Batsakis v. Demotsis


Facts and case history[edit]

In 1942, during the occupation of Greece by Nazi Germany in World War II, Demotsis was in severe financial straits. This period in Greek history was marked by extensive starvation and malnutrition. Hundreds of thousands of Greeks died as a result of wartime living conditions. [1] According to scholars, the apparent contract made between the two parties would most likely have resulted in punishment or even death at the hands of the German occupiers as a black market transaction.[2][3]

Demotsis asked Batsakis for money, which she needed to buy food for her family. In exchange, Demotsis promised in writing (in the form of a letter) to give Batsakis $2,000 dollars, plus 8% annual interest, after the war, or sooner, if she was able to regain access to her assets in the United States (Demotsis held property and funds in Texas but had no direct access to them as a result of the war). In the putative letter from Demotsis to Batsakis, written in the Greek language, Demotsis stated that she had received $2,000 from Batsakis. The following is an English translation of the letter:

Piraeus - April 2, 1942

Mr. George Batsakis

Konstantinou Diadohou #7


Mr. Batsakis:

I state by my present (letter) that I received today from you the amount of two thousand dollars ($2,000.00) of United States of America money, which I borrowed from you for the support of my family during these difficult days and because it is impossible for me to transfer dollars of my own from America.

The above amount I accept with the expressed promise that I will return to you again in American dollars either at the end of the present war or even before in the event you might be able to find a way to collect them (dollars) from my representative in America whom I will write and give him an order relative to this. You understand until the final execution (payment) to the above amount an eight per cent interest will be added and paid together with the principal.

I thank you and I remain yours with respects.

The recipient,

(Signed) Eugenia The. Demotsis.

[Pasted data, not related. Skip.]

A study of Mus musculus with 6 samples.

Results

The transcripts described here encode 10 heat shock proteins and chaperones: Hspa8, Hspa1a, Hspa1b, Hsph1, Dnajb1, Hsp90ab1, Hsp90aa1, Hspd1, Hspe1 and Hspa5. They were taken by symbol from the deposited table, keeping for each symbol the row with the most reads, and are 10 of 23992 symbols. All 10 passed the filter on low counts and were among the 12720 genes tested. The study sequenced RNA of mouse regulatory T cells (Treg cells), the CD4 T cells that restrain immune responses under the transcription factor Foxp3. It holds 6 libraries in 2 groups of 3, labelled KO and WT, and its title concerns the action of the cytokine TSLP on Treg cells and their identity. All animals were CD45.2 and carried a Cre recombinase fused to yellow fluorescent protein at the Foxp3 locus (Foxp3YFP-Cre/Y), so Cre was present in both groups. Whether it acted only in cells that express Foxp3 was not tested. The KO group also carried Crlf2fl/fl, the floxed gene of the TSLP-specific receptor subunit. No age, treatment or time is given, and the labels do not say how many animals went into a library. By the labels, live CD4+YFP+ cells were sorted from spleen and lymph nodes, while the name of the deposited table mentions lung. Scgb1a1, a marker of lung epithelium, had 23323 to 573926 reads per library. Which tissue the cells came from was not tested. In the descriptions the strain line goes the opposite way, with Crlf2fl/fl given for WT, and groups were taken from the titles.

What she actually received however was 500,000 Greek drachmae which had a market exchange value of approximately $25 at the time of the execution of the contract on account of massive hyperinflation. After Demotsis refused to repay the loan once the war was over, Batsakis sued and Demotsis asserted as her defense that the contract was unenforceable due to a lack of consideration (the element of exchange generally necessary to make a contract valid in common law systems) and that Batsakis's delivery of 500,000 drachmae, with a putative value of $25, could not be adequate consideration for her promise of $2,000, making the contract unenforceable. The trial court declared the contract enforceable and awarded Batsakis $750 plus interest and Batsakis appealed the judgment at which time the Court of Appeals affirmed the trial court's decision but modified the damages to $2,000 "with interest thereon at the rate of 8% per annum from April 2, 1942 and ordered that such judgment will bear interest at the rate of 8% per annum until paid on $2,000.00 thereof and on the balance interest at the rate of 6% per annum." The Court of Appeals reasoned that the consideration given by Demotsis for Batsakis's promise of 500,000 drachmae could not be considered inadequate under state law as she had received "exactly what she contracted for." The appellate court found the consideration legally sufficient and went on to state that the adequacy or inadequacy of the consideration did not bear on the enforceability, since mere inadequacy of consideration will not void a contract. The appellate court noted that, in common law systems including the American system, courts generally review the legal sufficiency of the consideration in a contract but have historically refused ordinarily to inquire into the adequacy of the consideration, whether the transaction was generally a fair or equivalent exchange.